Posted on | July 1, 2009 | 1 Comment
Kalyan’s tweet on freelancing reminded me of some recent conversations that I’ve had with several C/S students who recently completed their thesis. The conversation basically boils down to “Why should I spend time on freelance assignments when I don’t really need the money?“
I can only suggest that C/S students think of freelance assignments as part of their studies, the money is rather incidental. I am a proponet of open source software and I continue to recommend that new programmers find an interesting project to work on, however doing so does not really expose you to how nuts the rat race can be.When working on open source projects, you will eventually be exposed to abrasive personalities. However, these people are easily endured because you know that you can quit at any time or just ignore them.
When working in the real world, you will endure the same or worse, without the comfort of knowing that you can simply stop. Moreover, its very likely that at some point in your career, a very abrasive person will control when you wake up in the morning and when you get to go home.
When freelancing, you will learn to deal with a different kind of peer review. With open source, peer review generally improves the quality of your code. Now imagine having to take the same, beautiful patch and intentionally retard it because some CEO read an idiot’s guide to programming and wants to be “involved”.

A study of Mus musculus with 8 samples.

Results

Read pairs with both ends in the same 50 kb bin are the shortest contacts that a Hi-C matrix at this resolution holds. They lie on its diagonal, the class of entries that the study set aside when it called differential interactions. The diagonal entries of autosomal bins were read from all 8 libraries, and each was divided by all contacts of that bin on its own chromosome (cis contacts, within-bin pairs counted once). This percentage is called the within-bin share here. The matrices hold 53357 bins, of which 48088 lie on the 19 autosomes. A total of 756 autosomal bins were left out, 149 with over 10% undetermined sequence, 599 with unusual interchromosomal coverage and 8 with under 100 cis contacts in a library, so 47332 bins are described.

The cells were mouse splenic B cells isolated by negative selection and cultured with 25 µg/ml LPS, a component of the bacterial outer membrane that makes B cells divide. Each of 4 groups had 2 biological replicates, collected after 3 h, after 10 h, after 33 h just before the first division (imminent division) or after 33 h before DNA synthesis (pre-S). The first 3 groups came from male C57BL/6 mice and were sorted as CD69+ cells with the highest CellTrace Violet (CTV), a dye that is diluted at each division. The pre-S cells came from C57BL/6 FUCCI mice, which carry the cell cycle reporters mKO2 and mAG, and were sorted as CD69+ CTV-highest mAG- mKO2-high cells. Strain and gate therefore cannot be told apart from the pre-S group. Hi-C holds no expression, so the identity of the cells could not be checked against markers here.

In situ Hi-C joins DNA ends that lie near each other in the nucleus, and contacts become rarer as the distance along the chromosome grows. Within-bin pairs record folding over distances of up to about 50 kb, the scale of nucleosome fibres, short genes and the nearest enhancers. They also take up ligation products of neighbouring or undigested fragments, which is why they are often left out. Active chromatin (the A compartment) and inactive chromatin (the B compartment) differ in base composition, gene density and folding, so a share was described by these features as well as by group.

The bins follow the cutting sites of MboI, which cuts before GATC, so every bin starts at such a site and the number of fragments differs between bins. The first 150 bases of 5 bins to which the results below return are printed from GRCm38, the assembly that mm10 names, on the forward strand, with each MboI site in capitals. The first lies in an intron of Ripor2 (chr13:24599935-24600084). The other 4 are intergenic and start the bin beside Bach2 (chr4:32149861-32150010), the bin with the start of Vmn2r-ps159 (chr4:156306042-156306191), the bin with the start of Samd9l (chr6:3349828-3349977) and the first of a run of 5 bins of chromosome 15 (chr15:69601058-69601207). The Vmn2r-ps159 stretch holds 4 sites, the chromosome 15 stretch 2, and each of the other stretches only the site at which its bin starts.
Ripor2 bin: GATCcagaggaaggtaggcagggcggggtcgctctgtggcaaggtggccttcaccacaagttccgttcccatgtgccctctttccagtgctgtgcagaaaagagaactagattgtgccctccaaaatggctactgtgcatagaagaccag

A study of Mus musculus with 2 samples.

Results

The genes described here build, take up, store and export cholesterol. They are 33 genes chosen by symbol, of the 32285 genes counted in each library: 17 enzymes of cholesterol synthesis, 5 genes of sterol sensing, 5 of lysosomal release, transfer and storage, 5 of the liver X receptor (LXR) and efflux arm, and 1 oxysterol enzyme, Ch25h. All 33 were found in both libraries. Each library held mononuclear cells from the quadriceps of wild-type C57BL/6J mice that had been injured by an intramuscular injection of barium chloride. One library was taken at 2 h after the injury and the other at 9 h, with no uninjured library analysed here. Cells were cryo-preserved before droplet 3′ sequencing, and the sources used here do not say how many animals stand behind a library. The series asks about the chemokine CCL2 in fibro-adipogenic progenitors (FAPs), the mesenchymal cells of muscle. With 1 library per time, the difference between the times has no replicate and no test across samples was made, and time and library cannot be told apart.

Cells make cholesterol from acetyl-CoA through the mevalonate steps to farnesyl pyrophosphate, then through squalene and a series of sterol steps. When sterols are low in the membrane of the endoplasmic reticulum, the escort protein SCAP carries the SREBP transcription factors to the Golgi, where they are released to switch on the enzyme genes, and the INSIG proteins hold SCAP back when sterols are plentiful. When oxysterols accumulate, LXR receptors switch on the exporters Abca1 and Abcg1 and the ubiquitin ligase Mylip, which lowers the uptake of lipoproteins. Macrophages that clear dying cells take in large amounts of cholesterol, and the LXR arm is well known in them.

When freelancing, time is definately money. Are you used to keeping track of your time per task or activity? If you freelance, you better get used to it, because you need this data in order to bill. When you go to work in the real world, some HR droid is going to ask you to do the same thing.
Does the tail shake the tiger, or does the tiger shake the tail? This is a question regarding your ego. Can you really deal with someone telling you that your code / idea sucks? Can you really deal with someone not noticing your extra effort? Can you really deal with someone else re-factoring your code (often for the worse) as you commit it? When I worked in the wireless industry, one of my favorite bosses of all time shared a few words of wisdom:
I don’t care if that man tells you to have a crew tie every antenna cable in a nice pretty bow! If he’s willing to sign off on it and take responsibility for it, you had better be damn ready to ask him how many loops each bow should have!
The same question holds true if you find yourself working in the stone age, which happens all too frequently, even today. You show up for your first day of work and discover there is no SCM in use, no tests, no nightly builds and no hope of ever passing the Joel test in the next hundred years. You are either able to fit in and forget yourself, or you aren’t.
Jobs are not so easy to come by these days, its much better if you gain some real world practice and experience while you still have a cushion under your butt. The extra cash never hurts (as long as it does not detract from your studies) and you’re getting a head start on your C.V.
I think its kind of crazy for anyone past their third year not to freelance. Who knows, you may find a company that is willing to groom you through school and take you on once you finish your studies.
Joining a company is like joining any other relationship, you don’t realize the quirks until you have made a commitment and have begun to depend on the other party. Its better to be equipped with (at least some) experience.